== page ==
Hockey- Fundraising and Frustration
Josh started hockey this year and it is fundraising time. You can help Josh and support the Cook County Youth Hockey Association by purchasing great food from Schwan’s. All you have to do is go to their website, http://www.schwansfundraising.com/ and enter the Campaign ID of 1002355. Buy product online and it will be delivered to your door via Schwan’s within a few weeks. Our local youth hockey program will then receive a 30% kickback from all purchases made under our ID#. The fundraiser officially ends on the 15th of November so please place your order soon.
Cook County Schools does not have a hockey program. It’s hard to believe that an area with this much ice wouldn’t have a team, but I guess that is funding. The closest school that has hockey is Silver Bay which is an hour drive from Grand Marais. There are some hockey players that ride an hour each way to play on that high school team and if Josh were to play he would have to add on another hour to get to and from the end of the Gunflint Trail.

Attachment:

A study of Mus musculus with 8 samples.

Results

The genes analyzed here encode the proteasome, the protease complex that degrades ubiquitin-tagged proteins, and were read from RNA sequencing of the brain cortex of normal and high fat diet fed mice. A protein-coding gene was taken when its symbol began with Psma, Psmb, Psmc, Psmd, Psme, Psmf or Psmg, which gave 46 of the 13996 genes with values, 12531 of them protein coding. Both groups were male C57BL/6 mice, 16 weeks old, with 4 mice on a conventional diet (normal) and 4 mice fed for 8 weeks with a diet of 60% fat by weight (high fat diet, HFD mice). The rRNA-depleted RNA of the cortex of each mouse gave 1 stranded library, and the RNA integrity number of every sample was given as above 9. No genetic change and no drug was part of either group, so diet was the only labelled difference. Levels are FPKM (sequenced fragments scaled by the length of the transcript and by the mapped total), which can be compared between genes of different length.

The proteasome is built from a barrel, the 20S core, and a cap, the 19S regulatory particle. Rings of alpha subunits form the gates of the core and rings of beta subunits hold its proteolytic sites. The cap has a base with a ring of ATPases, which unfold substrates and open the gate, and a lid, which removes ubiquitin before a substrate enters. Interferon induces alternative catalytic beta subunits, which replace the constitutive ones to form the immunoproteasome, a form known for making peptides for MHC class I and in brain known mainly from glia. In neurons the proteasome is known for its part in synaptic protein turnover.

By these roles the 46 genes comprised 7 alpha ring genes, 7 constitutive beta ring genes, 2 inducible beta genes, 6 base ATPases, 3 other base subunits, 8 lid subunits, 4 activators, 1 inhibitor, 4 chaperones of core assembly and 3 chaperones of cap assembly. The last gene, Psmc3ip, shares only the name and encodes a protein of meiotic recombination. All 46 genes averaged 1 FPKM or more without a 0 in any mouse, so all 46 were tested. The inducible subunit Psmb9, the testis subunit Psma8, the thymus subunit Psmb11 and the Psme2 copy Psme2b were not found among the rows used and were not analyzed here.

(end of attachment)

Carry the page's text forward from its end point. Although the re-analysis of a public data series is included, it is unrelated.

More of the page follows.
I tried to discourage Josh from playing hockey because of the time and travel involved. They can only practice indoors until the curling club in town takes over the indoor arena on the 18th of the month. Practices have been 3 days a week; Monday, Wednesday and Saturday. With Abby in Girl Scouts after school on Thursdays and church to attend on Sundays I have been driving the Trail way too much.
Josh really wanted to play hockey despite our best wishes so we agreed to it. Once he began practices he became intimidated by the children who were much better skaters than he. He went to some practices and then complained that he no longer wanted to play. He sat on the sidelines, cried, and refused to skate, much to our frustration. We didn’t want to force him to play, but since it was his idea we didn’t want him to quit just because he wasn’t as good as the other skaters. So, we explained our reasoning to Josh, told him he was going to practice and he could either choose to stand on the ice in his skates or practice on the ice with the other players.
Thankfully Josh has chosen to participate in the practices. It would have been easy for me to just say, "Thank Goodness he isn’t good, now I don’t have to drive to town so much." But what would that have been telling Josh? To give up when the going gets tough? To say one thing and then do another? To let him believe we didn’t think he could ever get better? To allow him to let down the team, the coaches and himself? I think I am doing what is best for him, how about you?